Last year saw the launch of Simply Play, a free, play value assessment tool developed through a partnership between Sheffield Hallam University and Timberplay Ltd. Simply Play is now being taken up and used throughout the UK to evaluate the play potential of any given space and ensure any investment in play has a maximum return in terms of play value.
Recently, Beth Cooper, Creative Play Associate and Project Leader of Simply Play for Timberplay, visited Pleasure Park in Kettering to advise Kettering Borough Council on how to develop a more holistic approach to play. This has now been incorporated into their successful funding bid to improve Pleasure Park.
Beth Cooper explains:-
“In 2012 I visited Kettering in Northamptonshire to undertake a Simply Play assessment of Pleasure Park. We had a solid foundation from the start as Kettering Council have a good grasp of play and a committed and enthusiastic team who are keen and willing to develop play and play opportunities in the local area. This is a very commendable spirit, particularly in the face of the removal of the large scale capital grants”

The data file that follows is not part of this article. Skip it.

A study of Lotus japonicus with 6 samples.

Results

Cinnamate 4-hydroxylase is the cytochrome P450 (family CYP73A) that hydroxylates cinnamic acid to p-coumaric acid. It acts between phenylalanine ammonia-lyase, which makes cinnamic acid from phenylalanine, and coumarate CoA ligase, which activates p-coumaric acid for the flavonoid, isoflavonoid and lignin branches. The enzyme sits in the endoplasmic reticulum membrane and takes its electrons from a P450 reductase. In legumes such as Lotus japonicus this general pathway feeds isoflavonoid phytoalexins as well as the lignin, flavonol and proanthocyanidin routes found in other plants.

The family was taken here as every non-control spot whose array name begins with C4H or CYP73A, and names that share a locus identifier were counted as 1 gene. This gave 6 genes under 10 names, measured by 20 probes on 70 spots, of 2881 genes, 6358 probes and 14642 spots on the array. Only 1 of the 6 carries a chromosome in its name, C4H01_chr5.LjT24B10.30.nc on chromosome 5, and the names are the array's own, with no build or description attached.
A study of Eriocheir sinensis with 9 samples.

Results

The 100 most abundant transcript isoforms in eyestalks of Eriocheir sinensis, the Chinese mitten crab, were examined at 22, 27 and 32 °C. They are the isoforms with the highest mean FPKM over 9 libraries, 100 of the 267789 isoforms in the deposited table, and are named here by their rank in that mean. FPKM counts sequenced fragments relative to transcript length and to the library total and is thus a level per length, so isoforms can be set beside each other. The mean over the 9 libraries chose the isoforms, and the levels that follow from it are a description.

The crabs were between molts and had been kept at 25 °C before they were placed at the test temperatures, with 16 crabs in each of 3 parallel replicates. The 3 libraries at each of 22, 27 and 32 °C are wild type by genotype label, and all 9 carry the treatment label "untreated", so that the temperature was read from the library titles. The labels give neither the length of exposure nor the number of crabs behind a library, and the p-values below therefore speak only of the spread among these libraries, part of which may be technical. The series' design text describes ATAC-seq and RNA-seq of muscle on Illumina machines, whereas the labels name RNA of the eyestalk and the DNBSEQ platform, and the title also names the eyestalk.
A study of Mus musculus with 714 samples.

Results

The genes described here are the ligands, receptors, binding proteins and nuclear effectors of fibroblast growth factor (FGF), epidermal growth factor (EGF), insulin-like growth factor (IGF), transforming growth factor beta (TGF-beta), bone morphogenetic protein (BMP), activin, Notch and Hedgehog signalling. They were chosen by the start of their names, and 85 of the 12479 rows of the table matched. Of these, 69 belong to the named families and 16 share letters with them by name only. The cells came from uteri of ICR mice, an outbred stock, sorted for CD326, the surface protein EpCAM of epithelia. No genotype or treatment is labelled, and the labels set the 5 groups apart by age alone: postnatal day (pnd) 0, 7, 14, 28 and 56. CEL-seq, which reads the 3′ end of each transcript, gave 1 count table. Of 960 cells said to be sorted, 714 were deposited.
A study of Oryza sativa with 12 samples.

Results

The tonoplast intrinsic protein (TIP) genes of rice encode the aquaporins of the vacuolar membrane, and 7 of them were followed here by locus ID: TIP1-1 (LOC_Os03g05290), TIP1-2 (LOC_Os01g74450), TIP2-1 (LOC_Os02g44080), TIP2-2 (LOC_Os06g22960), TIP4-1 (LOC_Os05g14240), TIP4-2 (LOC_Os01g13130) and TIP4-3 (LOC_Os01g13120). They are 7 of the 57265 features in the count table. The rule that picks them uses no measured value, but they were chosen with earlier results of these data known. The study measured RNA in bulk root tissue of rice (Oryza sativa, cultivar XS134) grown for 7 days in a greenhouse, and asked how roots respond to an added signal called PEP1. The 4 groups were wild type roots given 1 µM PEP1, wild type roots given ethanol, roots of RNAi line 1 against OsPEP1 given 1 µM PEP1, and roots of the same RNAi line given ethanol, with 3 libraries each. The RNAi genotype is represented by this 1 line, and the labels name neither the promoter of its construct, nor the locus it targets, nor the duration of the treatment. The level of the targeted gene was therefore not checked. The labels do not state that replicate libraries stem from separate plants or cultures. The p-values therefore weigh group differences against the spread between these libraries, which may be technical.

The park itself was a fairly typical Victorian Park with a large play area clearly defined by a fence. The play area had some pretty standard equipment with the addition of other features like a BMX track, which served as much as a moonscape, a crawling track, a scooter track and later on in the day, as the older children tumbled out of school, a bike track.
The assessment was done on both the designated play area and the park as a whole. In spite of a ‘satisfactory’ play area, Simply Play highlighted that the wider park scored more highly for play value with its additional playability provided through other features such as trees to climb and a flexibility of usage afforded by the space.
Where Simply Play helped the team at Kettering develop their ideas for the future was by supporting them in conceptualising what they were trying to do both within the park and more widely in Kettering, to develop major ‘play spaces’ and not just ‘play areas’. This thinking not only helped them to win the funding applied for, but also was built into the current Green Flag application.”